The first of a three-novel series, Mission Compromised introduces Major Peter J. Newman, a U.S. marine assigned to fill a top-secret White House National Security Council staff position. In these novels, Newman discovers secrets such as how covert missions are being compromised, why high-ranking FBI and CIA spies rarely go on trial, and why the United Nations has a military command center.
In this first book, a mission to the Middle East to eliminate top terrorist leaders, including Osama Bin Laden and Saddam Hussein is compromised when a top official tips off the intended targets. Everyone on the mission is killed except Peter Newman. Now Newman must find out what happened—and why.
It's hard to figure out just what North has in mind here: a little payback, perhaps, for some of the controversial ex-Marine's treatment by the Beltway establishment? A Christian tract disguised as a topical thriller? An attempt to use every single governmental abbreviation from AmCits (American citizens) to WHDB (White House Data Base) in one book? This giant novel (the first in a projected series of three) fits every one of those criteria, and also has a plot so convoluted that a snake might get motion sickness and characters so thin they make Tom Clancy look like Jane Austen. After flashbacks to three sets of killings in 1986, the narrative skips to 1994, when a career Marine Corps officer, Maj. Peter Newman, arrives at the Clinton White House to head a special projects office that hasn't been manned since another Marine Oliver North was booted out in 1987. "Look, if you think I'm going to accept a job only to go down in flames like he did, you'd better think again. I'll resign my commission first," Newman growls. But the major, who lost a younger brother in the military disaster at Mogadishu recounted in Black Hawk Down, takes the job when he realizes it will let him go after the warlords (including a rich Saudi called Osama bin Laden) responsible for that debacle. In a preface dated December 14, 2001, Fox News reporter North writes from aboard a U.S. warship with troops bound for Afghanistan, thanking coauthor Musser for his "gift for words" that "has made my military phraseology comprehensible to civilians." Perhaps those thanks were premature.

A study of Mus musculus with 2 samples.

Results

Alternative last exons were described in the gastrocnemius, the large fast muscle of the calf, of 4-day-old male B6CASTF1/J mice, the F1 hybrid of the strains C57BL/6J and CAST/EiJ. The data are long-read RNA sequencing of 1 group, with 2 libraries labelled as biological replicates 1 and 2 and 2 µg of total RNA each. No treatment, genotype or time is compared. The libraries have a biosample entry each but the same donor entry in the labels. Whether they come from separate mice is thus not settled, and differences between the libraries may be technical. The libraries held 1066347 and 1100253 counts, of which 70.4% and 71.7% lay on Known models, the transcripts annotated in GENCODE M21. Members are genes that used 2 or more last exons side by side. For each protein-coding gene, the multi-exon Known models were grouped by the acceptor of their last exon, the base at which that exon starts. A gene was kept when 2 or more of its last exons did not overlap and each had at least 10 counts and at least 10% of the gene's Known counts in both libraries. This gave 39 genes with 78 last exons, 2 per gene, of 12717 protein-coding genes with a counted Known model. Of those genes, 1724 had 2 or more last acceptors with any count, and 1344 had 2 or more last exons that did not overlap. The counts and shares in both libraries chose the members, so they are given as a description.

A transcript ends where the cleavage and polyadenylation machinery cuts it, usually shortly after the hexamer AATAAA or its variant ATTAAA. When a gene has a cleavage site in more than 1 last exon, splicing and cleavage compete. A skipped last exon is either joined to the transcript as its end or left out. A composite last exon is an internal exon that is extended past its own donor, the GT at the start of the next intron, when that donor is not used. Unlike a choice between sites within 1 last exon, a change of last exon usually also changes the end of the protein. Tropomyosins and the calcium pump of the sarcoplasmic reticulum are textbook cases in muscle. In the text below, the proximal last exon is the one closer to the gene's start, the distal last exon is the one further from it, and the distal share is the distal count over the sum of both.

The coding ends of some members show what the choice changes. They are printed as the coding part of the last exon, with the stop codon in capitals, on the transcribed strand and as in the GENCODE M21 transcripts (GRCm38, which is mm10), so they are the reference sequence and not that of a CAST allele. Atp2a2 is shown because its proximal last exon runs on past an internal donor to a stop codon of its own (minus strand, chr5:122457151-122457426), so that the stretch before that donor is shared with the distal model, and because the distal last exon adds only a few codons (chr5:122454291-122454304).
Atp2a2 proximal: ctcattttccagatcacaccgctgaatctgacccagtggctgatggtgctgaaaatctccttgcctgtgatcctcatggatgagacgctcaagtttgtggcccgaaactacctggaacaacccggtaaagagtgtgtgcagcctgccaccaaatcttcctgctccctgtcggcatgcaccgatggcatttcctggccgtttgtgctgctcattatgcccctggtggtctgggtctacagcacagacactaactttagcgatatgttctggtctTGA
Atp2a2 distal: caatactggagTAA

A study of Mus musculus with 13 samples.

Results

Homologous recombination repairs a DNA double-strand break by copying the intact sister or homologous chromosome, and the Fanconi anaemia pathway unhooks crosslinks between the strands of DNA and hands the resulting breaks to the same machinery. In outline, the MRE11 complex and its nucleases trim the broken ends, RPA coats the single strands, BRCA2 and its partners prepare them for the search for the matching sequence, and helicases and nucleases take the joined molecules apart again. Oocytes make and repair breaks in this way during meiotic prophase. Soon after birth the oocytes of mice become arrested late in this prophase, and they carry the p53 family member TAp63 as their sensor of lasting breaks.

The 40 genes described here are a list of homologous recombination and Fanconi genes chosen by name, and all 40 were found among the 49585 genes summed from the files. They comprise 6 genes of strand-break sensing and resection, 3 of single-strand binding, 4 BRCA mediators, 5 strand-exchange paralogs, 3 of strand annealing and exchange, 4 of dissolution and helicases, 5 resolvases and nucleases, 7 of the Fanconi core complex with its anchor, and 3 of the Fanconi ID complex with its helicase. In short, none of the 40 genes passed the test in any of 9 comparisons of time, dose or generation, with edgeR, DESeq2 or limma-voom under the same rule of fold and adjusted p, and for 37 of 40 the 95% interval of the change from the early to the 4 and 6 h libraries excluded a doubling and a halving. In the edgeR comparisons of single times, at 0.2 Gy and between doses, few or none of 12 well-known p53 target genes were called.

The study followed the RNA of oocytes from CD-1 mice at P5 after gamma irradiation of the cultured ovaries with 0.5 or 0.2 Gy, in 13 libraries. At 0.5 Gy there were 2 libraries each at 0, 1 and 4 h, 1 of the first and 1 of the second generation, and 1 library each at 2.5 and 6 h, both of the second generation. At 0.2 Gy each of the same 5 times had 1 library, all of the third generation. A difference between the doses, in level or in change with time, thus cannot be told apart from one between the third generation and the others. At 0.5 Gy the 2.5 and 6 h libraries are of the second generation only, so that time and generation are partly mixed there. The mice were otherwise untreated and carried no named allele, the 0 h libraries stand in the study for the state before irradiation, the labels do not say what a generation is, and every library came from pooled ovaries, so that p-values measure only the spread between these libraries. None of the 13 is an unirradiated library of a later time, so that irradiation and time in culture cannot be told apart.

Customer ReviewsSee All
For those who served the story is all to plausible. I couldn't put it down. It wasn't the Russians or the terrorists that kept me on the edge of my seat. It was the hubris of the REMFs making my blood boil. Unfortunately I'm afraid history may be repeating itself now!
Couldn't put it down
Before this book finding a book that I felt I couldn't put down was unheard of. I will caution there is a considerable amount of acronyms the protagonist uses, some well know ones like CIA but there are others u will have to reference from the back of the book.
An exciting read
So, is it true or fiction? Or is true enough that it could be true? Either way, it is an excellent read for anyone interested in current-times military and geo-political history. Well done.